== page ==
Wednesday, November 6, 2002

Ohio Supreme Court

Stratton, O'Connor will change focus

By Dan Horn
The Cincinnati Enquirer

Republicans won both races for the Ohio Supreme Court late Tuesday, leaving them poised to wipe out a majority known for controversial rulings on school funding, tort reform and workers' compensation.

Incumbent Evelyn Stratton defeated challenger Janet Burnside in her battle to retain her seat on the court, and Lt. Gov. Maureen O'Connor beat Cincinnati Judge Tim Black in the other contested race.

The two Republicans are expected to tip the balance of power on a court that has been bitterly divided, 4-3, for several years.

"It looks very favorable that the citizens of Ohio will have a fair, balanced, unbiased court that will adopt a philosophy of judicial restraint," Ms. O'Connor said late Tuesday. "This is a real positive step for Ohioans."

With control of the court at stake, the two Supreme Court campaigns were among the most important - and most expensive - of all statewide races.

The four candidates raised a total of nearly $5 million, while special-interest groups raised millions more to campaign for the candidates they believed would support their causes.

Ms. O'Connor and Ms. Stratton drew heavy support from a coalition of doctors, insurance companies and other business interests determined to change the makeup of the court.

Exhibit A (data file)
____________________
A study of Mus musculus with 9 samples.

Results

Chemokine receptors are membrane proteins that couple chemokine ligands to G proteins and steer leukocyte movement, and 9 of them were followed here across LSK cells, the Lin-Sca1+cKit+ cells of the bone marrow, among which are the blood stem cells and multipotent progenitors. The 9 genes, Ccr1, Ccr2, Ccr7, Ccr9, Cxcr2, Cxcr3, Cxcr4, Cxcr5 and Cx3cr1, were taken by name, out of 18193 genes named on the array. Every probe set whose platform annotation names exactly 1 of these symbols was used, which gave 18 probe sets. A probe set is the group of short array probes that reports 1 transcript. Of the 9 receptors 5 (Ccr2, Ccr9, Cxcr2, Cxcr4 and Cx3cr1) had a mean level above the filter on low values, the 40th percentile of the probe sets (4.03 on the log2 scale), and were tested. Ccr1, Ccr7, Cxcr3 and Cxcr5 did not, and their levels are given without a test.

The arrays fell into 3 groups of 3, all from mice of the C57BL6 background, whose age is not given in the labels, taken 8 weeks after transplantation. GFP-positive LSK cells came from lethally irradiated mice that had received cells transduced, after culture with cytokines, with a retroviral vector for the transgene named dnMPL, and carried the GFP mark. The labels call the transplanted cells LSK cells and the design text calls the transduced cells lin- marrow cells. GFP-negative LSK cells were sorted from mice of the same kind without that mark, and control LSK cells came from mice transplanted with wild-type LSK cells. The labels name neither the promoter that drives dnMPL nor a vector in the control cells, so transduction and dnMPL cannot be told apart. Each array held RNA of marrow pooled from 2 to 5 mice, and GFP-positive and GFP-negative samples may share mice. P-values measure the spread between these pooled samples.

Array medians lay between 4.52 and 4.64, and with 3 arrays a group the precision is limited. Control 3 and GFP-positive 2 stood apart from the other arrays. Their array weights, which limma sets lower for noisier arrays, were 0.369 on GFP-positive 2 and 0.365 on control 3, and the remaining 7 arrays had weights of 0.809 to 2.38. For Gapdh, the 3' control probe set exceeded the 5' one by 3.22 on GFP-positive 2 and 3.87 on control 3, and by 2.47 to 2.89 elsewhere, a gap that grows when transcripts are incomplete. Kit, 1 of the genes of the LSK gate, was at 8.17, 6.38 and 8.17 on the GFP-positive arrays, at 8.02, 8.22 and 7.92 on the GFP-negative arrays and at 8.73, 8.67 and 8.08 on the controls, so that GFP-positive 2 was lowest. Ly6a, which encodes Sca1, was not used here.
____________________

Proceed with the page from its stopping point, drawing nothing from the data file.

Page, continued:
Mr. Black and Ms. Burnside drew support from trial lawyers and labor unions determined to protect the 4-3 majority.

Throughout the campaign, Republicans portrayed Democrats as anti-business activists beholden to greedy lawyers and unions, while Democrats described Republicans as pawns of big business who care little for working families.

While campaigning, the candidates avoided discussing cases that might one day come before the court. But the Republicans made it clear a GOP sweep would create a new, more conservative majority.

"I do expect a philosophical difference on the court," Ms. Stratton said Tuesday. "I think you'll see our court show more judicial restraint."

The current 4-3 majority includes retiring Republican Andrew Douglas. Although Ms. O'Connor and Justice Douglas are both Republicans, Ms. O'Connor seems to have little in common with the retiring justice and the rest of the majority.

She has described some of the most controversial decisions as "erroneous" and has repeatedly complained about "judicial activism."

In the past few years, the majority has declared the state's system of funding public schools unconstitutional, has required that businesses provide greater insurance coverage to employees and has thrown out a tort-reform law that limited jury awards in personal-injury and product-liability cases.

In addition to the philosophical shift, the expected wins by Ms. Stratton and Ms. O'Connor mean the court will, for the first time, have more female justices than male justices. Ms. Stratton said that makes Ohio the first state Supreme Court in the nation with a female majority.